There's a similar flow diagram in a 2017 paper titled "Do you need a Blockchain?"  which identifies 3 types of blockchain:
* Permissionless Blockchain
* Public Permissioned Blockchain
* Private Permissioned Blockchain
Also, https://eprint.iacr.org/2017/375.pdf Section 4.4.2
^ Detailed analyses that explain why blockchain is an appropriate solution
But please do elaborate how they are "known to be worse." By whom and can you cite the analysis that proved so? Certainly not known by Google if they invested in a blockchain-based storage solution?
>well understood tradeoffs
That's definitely not the case if you take the time to read any blockchain-related thread on HN. But, please, feel free to tell me what are better solutions for the cases I mentioned.
I think this paper  made a decent case for permissioned blockchains (i.e. "where the participants are limited to a predefined set") in cases where one must store state, accommodate multiple writers who do not trust each other and does not have access to an always-online trusted third party. The number of cases where the final condition applies is small, but positive.
> Where could I read more about this?
"If no data needs to be stored, no database is required at all, i.e. a blockchain, as a form of database, is of no use. Similarly, if only one writer exists, a blockchain does not provide additional guarantees and a regular database is better suited, because it provides better performance in terms of throughput and latency. If a trusted third party (TTP) is available, there are two options. First, if the TTP is always online, write operations can be delegated to it and it can function as verifier for state transitions. Second, if the TTP is usually offline, it can function as a certificate authority in the setting of a permissioned blockchain, i.e. where all writers of the system are known. If the writers all mutually trust each other, i.e. they assume that no participant is malicious, a database with shared write access is likely the best solution. If they do not trust each other, using a permissioned blockchain makes sense. Depending on whether public verifiability is required, anyone can be allowed to read the state (public permissioned blockchain) or the set of readers may also be restricted (private permissioned blockchain). If the set of writers is not fixed and known to the participants, as is the case for many cryptocurrencies such as Bitcoin, an [sic] permissionless blockchain is a suitable solution."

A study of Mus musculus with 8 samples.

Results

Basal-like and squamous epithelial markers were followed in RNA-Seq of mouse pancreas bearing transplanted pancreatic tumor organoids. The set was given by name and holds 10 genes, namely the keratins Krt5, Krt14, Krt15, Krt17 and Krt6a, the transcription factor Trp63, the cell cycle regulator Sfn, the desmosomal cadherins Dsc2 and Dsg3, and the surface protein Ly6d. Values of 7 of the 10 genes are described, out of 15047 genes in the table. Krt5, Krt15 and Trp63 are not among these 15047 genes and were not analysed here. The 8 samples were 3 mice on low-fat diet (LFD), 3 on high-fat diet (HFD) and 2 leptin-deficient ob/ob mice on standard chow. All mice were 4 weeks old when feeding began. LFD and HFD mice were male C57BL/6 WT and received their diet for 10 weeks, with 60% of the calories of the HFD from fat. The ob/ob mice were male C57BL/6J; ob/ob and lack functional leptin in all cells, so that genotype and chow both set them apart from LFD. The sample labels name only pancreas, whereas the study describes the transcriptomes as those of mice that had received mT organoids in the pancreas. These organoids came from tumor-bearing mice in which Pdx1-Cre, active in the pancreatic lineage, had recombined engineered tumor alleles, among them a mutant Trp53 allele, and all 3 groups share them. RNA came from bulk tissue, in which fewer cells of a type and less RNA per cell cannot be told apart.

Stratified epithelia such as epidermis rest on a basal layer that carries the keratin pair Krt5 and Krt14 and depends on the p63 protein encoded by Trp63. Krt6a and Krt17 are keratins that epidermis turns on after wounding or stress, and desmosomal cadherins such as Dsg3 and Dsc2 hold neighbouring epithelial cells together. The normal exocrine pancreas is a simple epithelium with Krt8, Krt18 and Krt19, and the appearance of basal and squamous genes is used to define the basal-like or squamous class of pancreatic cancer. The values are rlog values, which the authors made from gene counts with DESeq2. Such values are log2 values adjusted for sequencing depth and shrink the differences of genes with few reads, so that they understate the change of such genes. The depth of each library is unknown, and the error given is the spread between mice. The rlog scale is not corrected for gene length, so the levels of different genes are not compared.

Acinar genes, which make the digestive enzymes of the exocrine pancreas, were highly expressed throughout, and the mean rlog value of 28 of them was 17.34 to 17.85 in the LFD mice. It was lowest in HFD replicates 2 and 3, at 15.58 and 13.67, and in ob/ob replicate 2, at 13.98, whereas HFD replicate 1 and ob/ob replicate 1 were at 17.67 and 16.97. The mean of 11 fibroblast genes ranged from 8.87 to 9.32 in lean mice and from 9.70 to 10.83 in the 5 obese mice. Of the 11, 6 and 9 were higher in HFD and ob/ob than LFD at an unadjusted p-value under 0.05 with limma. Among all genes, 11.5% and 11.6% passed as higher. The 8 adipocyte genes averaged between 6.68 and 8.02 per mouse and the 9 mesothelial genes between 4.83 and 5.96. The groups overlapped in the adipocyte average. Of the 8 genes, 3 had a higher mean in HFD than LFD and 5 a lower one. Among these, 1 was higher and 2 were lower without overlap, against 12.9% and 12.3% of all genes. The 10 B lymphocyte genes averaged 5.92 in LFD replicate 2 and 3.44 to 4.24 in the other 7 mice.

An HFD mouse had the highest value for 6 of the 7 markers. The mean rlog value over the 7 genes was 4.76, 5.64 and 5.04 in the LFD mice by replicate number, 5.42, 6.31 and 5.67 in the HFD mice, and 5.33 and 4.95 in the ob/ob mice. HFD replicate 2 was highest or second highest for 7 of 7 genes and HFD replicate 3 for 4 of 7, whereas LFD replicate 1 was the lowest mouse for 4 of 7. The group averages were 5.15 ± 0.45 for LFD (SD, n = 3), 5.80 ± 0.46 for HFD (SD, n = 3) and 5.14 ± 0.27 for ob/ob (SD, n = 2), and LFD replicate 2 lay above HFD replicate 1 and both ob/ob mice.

Hey, this is relative to your needs obviously. An always online trusted third party could be the arxiv server for papers. Or a consortiuum of industry players that don't trust each other and set up a foundation that runs a central database. Or a central bank. Really depends on the problem domain.
And yes, I have talked to people who have proposed to use block chain for storing papers. So while it might be obvious to you that blockchain is not a solution for that, it's still a good paper that lays out in detail what a blackchain does and doesn't do.